The Lost King (Film Review): A Spot Fit For A King
Stephen Frears’ The Lost King embellishes the truth a little, but is ultimately a warm, gently amusing tale of determination and unlikely discoveries.
A car park in Leicester is perhaps not the most obvious place to look for the remains of a monarch, but that’s exactly where the skeleton of King Richard III was uncovered in 2012. The Lost King is a retelling of the quest that led to his discovery, with writing team Steve Coogan and Jeff Pope perhaps aggrandising the facts slightly to sentimentalise Stephen Frears’ comedy drama.
Phillippa Langley (Sally Hawkins) is worn down, suffering from ME (more commonly known as ‘chronic fatigue syndrome’) and subjected to sexism and indifference at work. After watching a production of Shakespeare’s ‘Richard III’, she becomes obsessed with locating his remains and restoring some of his reputation, chafing against challenges and the academic establishment to uncover the truth. Guided by visions of Richard III himself (Harry Lloyd), she’s led to a car park in Leicester and the rest, as they say, is history.
Addressing the elephant – or, perhaps more fittingly, the apparition of an ancient monarch – in the room: prior to its release, the film has been criticised for its fictionalisation of real events. The facts are essentially the same – Richard III’s remains were indeed buried under a car park in Leicester – but there have been accusations of Coogan, Pope and Frears’ embellishment of Phillippa’s ostracization, with the University of Leicester contesting the inaccurate portrayal of their involvement. Perhaps it’s best then to describe the film as being ‘based on true events’, rather than as the ‘true story’ its trailer proclaims it.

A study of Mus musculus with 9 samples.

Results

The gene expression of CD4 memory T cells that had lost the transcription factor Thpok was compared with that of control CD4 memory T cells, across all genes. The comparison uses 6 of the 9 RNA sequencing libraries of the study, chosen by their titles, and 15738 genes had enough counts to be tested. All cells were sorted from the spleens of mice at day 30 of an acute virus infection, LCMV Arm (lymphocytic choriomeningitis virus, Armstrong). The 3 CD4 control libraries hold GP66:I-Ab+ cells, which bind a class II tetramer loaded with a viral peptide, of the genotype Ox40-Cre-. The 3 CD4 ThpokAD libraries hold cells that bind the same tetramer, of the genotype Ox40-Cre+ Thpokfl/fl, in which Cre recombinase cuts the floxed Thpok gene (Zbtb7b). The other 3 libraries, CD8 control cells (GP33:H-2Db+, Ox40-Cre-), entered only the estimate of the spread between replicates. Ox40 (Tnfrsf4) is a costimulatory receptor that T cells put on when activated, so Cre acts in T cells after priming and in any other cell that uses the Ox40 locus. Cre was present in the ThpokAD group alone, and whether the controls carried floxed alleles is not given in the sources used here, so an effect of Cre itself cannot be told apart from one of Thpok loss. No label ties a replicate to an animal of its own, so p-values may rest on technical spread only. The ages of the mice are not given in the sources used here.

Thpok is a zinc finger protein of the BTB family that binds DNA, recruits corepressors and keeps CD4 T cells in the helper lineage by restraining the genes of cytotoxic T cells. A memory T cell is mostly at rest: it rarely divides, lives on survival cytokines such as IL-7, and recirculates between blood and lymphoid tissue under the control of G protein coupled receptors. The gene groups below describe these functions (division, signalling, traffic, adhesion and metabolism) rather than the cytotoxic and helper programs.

Regardless, the film itself is really enjoyable and of an ilk that’s consistently popular with British cinema audiences; think Calendar Girls or The Full Monty. It’s ultimately low stakes but engaging, made emotionally resonant by well-crafted performances and a sensitive but not mawkish central figure to root for. Hawkins is so adept at portraying quiet vulnerability hiding a core strength, and this performance is no different. Coogan is warm and not-at-all Partridge like, and the supporting cast is rounded out by the likes of Mark Addy and Lee Ingleby.
It’s a rich, moving story about the manner in which one person – albeit well aided by a dedicated team – can impact history in a small but very meaningful way. It may even change perceptions of Richard III himself, often regarded as a Shakespearean villain of the highest order, encourage an interest in royal lineages or simply just offer a little insight (embellished or not) into a bizarre but substantial moment in British historical research.
The Lost King may take some liberties in its storytelling, but it’s a warm, joyous experience watching how determination, resilience and sheer luck can lead to the most innocuous of places providing the most exciting of secrets.
The Lost King is now available to watch on digital and on demand in the UK and Europe. The film will be released in US theaters on March 24, 2023.